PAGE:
Github Copilot: Your Coding Companion

When people were talking more on GPT4, BARD and other LLMs slowly Github Copilot is eating the software programming market. Github comes with 2 critical releases one Codespace and other Copilot. Codespace is a development environment in cloud. You can customize your project for GitHub Codespaces by committing configuration files to your repository (often known as Configuration-as-Code), which creates a repeatable codespace configuration for all users of your project.

This post I will talk more about Github Copilot. GitHub Copilot is a cloud-based artificial intelligence tool developed by GitHub and OpenAI (who built the current ChatGPT/GPT4) to assist users of Visual Studio Code, Neovim, and JetBrains integrated development environments (IDEs) by autocompleting those code. Currently it works best for users coding in Python, JavaScript, TypeScript, Ruby, and Go.

The concept behind Github Copilot is simple: it uses machine learning algorithms to analyze your code and provide suggestions for completing it. These suggestions can range from simple code snippets to entire functions or classes. The goal is to help developers write code faster and with fewer errors, by automating many of the tedious and repetitive tasks that come with coding.

But does Github Copilot live up to the hype? In this blog post, we’ll explore the features and limitations of Github Copilot, and provide examples of how it can be used to improve your coding workflow.

How Does Github Copilot Work?

Github Copilot is integrated into Microsoft’s Visual Studio Code and GitHub’s CodeSpaces, and it can be installed as a VS Code extension. Once installed, you can activate it by selecting the “Copilot: Insert suggestion” command from the VS Code command palette, or by using a keyboard shortcut.

When you activate Copilot, it analyzes the context of your code and generates suggestions for completing it. These suggestions are based on the code you’ve already written, as well as on a massive dataset of code snippets and programming patterns. Copilot uses deep learning algorithms to generate these suggestions, and it improves over time as more developers use it and provide feedback.

Github Copilot supports a wide range of programming languages, including Python, JavaScript, TypeScript, Ruby, Go, and Rust. It can generate suggestions for a variety of tasks, such as creating classes, functions, and variables, as well as providing code snippets for common programming patterns.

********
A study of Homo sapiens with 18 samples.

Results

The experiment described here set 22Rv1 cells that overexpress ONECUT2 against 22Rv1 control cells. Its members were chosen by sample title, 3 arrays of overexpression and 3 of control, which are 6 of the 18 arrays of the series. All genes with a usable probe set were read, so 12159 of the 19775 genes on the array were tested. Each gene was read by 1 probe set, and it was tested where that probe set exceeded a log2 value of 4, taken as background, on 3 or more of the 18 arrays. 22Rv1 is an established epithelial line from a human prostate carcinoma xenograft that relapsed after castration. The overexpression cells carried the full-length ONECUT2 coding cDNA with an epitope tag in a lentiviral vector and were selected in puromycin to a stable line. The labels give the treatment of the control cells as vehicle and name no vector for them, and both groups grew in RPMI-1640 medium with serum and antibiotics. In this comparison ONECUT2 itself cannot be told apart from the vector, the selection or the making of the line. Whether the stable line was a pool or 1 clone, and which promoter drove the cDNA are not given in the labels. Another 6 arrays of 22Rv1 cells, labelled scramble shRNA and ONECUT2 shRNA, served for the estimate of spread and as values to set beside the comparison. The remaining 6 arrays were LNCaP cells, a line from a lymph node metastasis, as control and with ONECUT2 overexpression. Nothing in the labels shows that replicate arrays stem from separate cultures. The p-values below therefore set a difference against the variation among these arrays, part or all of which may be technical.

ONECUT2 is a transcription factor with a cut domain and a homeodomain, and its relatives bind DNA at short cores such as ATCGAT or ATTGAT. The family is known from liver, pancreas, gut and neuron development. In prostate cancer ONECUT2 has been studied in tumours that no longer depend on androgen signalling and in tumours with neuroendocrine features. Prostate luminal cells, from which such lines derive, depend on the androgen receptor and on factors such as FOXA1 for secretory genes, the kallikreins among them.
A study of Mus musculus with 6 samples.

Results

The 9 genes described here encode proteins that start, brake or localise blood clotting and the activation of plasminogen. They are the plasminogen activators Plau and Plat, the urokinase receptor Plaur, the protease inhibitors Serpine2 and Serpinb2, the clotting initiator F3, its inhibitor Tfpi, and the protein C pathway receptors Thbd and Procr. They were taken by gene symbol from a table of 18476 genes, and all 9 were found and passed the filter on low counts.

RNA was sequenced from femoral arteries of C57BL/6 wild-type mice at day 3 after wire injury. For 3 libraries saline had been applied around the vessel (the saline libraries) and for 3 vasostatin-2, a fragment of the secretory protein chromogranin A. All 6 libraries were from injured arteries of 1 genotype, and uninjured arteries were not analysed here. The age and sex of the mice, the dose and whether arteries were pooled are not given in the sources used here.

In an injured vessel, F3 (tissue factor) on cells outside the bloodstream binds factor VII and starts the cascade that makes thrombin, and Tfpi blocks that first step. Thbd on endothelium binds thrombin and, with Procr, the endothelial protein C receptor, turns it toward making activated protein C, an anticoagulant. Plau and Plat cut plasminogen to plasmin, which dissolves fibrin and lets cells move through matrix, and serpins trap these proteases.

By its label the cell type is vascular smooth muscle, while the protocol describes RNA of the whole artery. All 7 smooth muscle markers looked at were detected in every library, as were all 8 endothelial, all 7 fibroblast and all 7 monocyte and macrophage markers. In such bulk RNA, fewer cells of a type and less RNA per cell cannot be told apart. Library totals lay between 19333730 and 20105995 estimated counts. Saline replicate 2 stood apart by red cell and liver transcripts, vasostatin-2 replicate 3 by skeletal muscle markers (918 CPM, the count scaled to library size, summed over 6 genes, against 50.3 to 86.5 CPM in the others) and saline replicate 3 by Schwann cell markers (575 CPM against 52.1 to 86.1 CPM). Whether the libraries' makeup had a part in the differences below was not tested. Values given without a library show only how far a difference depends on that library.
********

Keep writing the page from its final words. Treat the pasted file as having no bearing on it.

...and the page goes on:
However, it’s important to note that GitHub Copilot is not a replacement for human developers. It still requires the developer to understand the code they are writing and make decisions about how to structure it and handle errors. Additionally, because it has been trained on existing code, it may not always produce the most efficient or secure code, so it’s important for developers to review and test the code generated by GitHub Copilot before using it in production.

Example 1: Generating a Flask App

Suppose you’re developing a web application using Flask, a popular Python web framework.

You need to create a new Flask app, but you’re not sure how to get started. With Copilot, you can generate a new Flask app with just a few clicks. Here are the steps to do that.

1. First, create a new Python file and type “from flask import Flask“.

2. Then, you activate Copilot and select the “Flask app” suggestion.

3. Github Copilot generates the following code:

This code creates a new Flask app with a route that returns “Hello, World!” when you visit the root URL. With this code as a starting point, you can customize your Flask app to suit your needs.

Example 2: Completing a Function

Suppose you’re writing a Python function that calculates the sum of a list of numbers. You’ve written the following code

You’re not sure how to complete the function to return the total sum of the list. With Github Copilot, you can generate the missing code with just a few clicks. Here is how.

1. You activate Github Copilt.

2. Select the “Sum list” suggestion.

3. Github Copilot generates the following code:

This code completes the function by adding a “return” statement that returns the total sum.


In summary, GitHub Copilot is a powerful tool that can help developers write code faster and more efficiently. Its ability to suggest code completions and generate code snippets based on natural language commands makes it a valuable addition to any developer’s toolkit. If you haven’t tried it yet, we encourage you to give it a try and see how it can improve your coding workflow.